Why I Am A Communist

Why I Am A Communist

An informal post on communism, currency, and why I stand behind communism

TheOdysseyonline.com

I've found myself defending communism very often this week. In one class I was tasked with designing a utopia and discerned early on that the only trouble I'd have in designing my utopia would be doing so without rewriting the Communist Manifesto. In another class, the professor asked about the implications of capitalism, and before I realized it I was preaching the tenets and the necessity of communism to a roomful of bored and confused college students. Only the professor seemed impressed with my claim that the goal of the current capitalist economy is to self-sustain and propagate. The market isn't interested in how to improve the lives of consumers unless they are concerned with how to make the process of commodity consumption simpler to take part in. However, even that concern falls second to profit. If the options for a capitalist are between employing more blue collar workers at a relatively high minimum wage so as to promote increased commodity consumption by the middle class (aka galvanizing the market so that all can take part while lessening overall profits through increased spending) and outsourcing in a different nation so as to lessen wages and increase profit overall while, as a consequence, decreasing the buying power of the middle class in US, outsourcing as an option always wins out because capitalists, whom Marx referred to as bourgeoisie, are interested how they can best make money. Best in this instance refers efficiency (the least effort and spending on the side of the capitalist).

The average working class citizen who bears the weight of this decision is not a capitalist in real life because capitalists are those running the market, the ones who own/manage the companies and corporations, those at the forefront of the industry. The capitalists are those who employ average working class citizens and provide them with wages for their work. To use Marxist vocabulary the working class citizen is a member of the proletariat, the group exclusively exploited by capitalists. However, if one wasn't born and raised in a world so heavily entrenched in the idea of capitalism, and, in my opinion, the idea of currency in general, one could easily see the failures of the current system and beyond it. One would be able to look past the monetary value of time, work, products, and services, and see that there is a deeper, more salient human value being ignored.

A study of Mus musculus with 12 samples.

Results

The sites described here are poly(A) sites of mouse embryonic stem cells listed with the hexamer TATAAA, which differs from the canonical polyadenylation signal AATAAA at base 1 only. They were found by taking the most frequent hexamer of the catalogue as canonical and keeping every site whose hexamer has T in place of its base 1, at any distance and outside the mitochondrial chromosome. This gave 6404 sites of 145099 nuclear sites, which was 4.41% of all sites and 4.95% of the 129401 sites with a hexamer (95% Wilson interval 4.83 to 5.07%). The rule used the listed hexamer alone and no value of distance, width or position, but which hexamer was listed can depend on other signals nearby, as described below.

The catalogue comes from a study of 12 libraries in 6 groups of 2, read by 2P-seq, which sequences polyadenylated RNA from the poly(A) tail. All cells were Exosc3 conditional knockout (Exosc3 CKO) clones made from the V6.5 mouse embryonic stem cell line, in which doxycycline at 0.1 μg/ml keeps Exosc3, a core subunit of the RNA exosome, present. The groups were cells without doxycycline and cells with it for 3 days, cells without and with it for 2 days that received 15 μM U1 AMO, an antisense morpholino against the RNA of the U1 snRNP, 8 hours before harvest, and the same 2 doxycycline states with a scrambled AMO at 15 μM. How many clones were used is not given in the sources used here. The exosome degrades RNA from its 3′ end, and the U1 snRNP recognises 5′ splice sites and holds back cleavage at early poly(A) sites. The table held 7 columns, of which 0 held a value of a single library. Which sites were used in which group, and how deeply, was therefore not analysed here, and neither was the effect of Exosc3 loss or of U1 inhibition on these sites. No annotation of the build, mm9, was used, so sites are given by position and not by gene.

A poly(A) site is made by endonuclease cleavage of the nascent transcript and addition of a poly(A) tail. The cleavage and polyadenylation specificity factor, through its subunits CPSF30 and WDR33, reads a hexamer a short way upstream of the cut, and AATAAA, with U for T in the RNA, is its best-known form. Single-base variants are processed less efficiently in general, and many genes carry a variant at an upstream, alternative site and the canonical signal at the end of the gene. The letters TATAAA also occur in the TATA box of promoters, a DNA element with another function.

The reason we want to be paid is because we want to feel like the work we do, whatever work it is, is valuable. But, on the more practical side of things, we want to be paid because the amount of money one has determined their station in life and their standard of living. But, if we abolished the notion of currency if we completely wiped it off the table, what would be the point of working? And what would that work be worth?

Think about it this way: if tomorrow, every nation across the work announced they were switching from a capitalist system to a communist one, people would still work. Why? Because someone has to produce the goods and services we've come to depend on. Someone has to keep the lights on. Someone has to keep the water running. Someone has to keep the sewage out of the streets. Someone has to keep producing iPods and keep up the servers that sustain the mighty internet. We would still need hospitals and nurses. We would still need teachers. We would still garbage-men, firefighters, couriers. With currency, we think about work as something we need to do so we can afford a certain standard of life, no matter how low or high it is. Without currency, work evolves into something that allows us to maintain a certain standard of life, one that is not luxurious but also not plagued by need.

It's easy to assume that once people stop getting paid, they won't want to work anymore, that there'll be no practical incentive to get people off their couches, but that assumes that without working, they would still get to live the way they had been, that all of our social institutions run on magic and fairies, not human labor. Without currency, work still exists because need still exists. All that changes is one's attitude towards work. Work is no longer something that is detached from need. Work becomes the satisfaction of a need. One works so that his/her needs can be fulfilled, not to earn a paycheck that may or may not cover the bills. One works, whatever the job is, so as to do their part to keep the nation running, and as a result, their lights stay one, their phones stay on, they can share in the food produced, they can enjoy all the luxuries of what we in a capitalist society call “middle-class” life, but there would be no class, no rulers or CEOs, who occupy the highest economic strata and call the shots while others can't even carve out a spot on the totem pole.

I am a communist because I believe that without currency, the world would still run. In fact, it would run better because there would be real value in the work one does, value not dependent on a certain amount of gold or sheets of paper. We would work to sustain ourselves, not to attempt some ersatz imitation of the luxurious lives those higher on the social strata take part in. I'm a communist because without currency, a community is forced to persist for the good of itself instead of for the good of currency. Currency is something we constructed, something we gave value and something we try to protect, but it is not a necessity, and our constant pursuit of currency is what has created world-wide instability and inequality. Communism counteracts this because it is an ideology based on the understanding that working towards the good of the community necessarily provides for the good of the individual.